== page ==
No matter how rough and chipped your collected rocks start out, they'll inevitably become smooth if they remain under moving water for several years. They look store-bought when smoothed and can be painted or varnished. Small-sized river rocks can be polished in a rock tumbler, while larger rocks must be varnished or shellacked to make them shiny.
Separate the rocks you want to polish by size. River rocks you have collected must be washed with soap and water and scrubbed with a brush. An old toothbrush is excellent for this step. Dry the rocks with paper towels.
Place the rocks to be polished in the barrel of the tumbler. Use the abrasive grit first, then the fine grit followed by the pre-polish grit. Adding the rock polish is the last step. Run the tumbler for the required amount of time with each step as stated in the tumbler instructions. Do not polish rocks that are larger than 1 1/2 inches in the barrel of a small electric tumbler. Larger rocks must be done by hand.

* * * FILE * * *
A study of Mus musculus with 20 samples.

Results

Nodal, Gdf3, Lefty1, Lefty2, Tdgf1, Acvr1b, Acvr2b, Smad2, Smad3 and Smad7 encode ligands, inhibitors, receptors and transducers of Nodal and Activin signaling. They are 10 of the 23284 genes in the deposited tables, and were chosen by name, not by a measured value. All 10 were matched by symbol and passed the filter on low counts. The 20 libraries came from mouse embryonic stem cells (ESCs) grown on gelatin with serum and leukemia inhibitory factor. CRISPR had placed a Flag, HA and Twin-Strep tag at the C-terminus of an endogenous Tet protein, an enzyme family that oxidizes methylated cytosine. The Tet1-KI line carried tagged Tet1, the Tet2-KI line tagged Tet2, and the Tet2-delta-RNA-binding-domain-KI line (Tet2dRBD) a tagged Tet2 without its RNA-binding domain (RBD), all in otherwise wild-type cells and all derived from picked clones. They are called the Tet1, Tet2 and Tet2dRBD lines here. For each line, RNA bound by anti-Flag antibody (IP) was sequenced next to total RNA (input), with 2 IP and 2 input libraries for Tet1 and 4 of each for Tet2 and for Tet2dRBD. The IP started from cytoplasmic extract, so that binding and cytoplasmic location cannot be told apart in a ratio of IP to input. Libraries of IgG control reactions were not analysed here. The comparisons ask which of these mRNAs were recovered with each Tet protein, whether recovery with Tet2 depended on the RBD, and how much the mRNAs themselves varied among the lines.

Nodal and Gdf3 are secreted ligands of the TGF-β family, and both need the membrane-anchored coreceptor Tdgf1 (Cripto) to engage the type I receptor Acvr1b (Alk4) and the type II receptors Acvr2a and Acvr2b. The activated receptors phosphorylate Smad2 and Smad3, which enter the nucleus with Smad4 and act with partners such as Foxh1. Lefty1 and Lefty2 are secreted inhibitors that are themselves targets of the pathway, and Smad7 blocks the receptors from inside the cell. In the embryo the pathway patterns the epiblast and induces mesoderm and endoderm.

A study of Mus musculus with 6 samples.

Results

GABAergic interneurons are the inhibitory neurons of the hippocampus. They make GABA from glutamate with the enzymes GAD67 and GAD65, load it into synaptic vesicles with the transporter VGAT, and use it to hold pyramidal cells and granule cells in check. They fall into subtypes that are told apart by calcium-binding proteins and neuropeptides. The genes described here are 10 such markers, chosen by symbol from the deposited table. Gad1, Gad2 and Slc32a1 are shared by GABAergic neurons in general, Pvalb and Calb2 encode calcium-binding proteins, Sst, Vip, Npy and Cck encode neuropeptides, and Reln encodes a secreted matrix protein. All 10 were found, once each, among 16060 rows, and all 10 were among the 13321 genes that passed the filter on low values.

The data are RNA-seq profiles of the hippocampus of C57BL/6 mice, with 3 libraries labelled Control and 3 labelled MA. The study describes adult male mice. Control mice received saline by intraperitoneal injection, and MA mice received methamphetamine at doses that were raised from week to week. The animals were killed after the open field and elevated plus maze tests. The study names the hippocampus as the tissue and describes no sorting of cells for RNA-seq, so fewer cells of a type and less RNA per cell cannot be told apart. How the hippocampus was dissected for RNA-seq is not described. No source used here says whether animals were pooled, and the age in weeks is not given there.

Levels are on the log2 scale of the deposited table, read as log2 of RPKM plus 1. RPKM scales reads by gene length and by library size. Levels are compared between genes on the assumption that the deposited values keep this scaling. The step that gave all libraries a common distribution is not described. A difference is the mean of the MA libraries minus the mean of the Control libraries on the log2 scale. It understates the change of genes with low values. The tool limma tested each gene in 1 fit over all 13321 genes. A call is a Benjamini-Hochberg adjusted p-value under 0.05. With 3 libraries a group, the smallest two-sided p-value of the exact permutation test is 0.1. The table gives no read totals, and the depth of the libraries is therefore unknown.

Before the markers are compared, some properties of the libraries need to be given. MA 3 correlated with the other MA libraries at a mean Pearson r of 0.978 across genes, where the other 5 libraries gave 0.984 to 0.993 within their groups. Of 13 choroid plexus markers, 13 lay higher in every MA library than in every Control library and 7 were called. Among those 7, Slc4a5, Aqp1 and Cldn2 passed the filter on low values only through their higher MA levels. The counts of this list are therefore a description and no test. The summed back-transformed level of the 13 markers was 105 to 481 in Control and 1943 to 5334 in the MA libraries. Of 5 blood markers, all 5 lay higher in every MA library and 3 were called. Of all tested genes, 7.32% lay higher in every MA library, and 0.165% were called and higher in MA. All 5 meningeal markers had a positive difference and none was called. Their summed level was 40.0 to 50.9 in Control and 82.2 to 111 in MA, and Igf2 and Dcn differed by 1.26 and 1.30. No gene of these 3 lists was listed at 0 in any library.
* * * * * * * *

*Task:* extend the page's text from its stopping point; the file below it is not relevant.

Clean and dry the larger rocks. Spread them on two or three sheets of newspaper on a work surface, preferably one that is outside or in a well-ventilated space.
Spray all surfaces of the larger rocks with the spray varnish or lacquer. Once the top sides have dried, spray the bottoms if you like. Add a second coat once the first one has dried.
- Old toothbrush
- Paper towels
- Rock tumbler
- Abrasive grit
- Fine grit
- Pre-polish grit
- Rock polish
- Glossy varnish spray
Using polyurethanes, such as the gloss finish that hardware stores sell, help further protect your collection by preventing scratches.
Finish sprays will not work as well as liquids.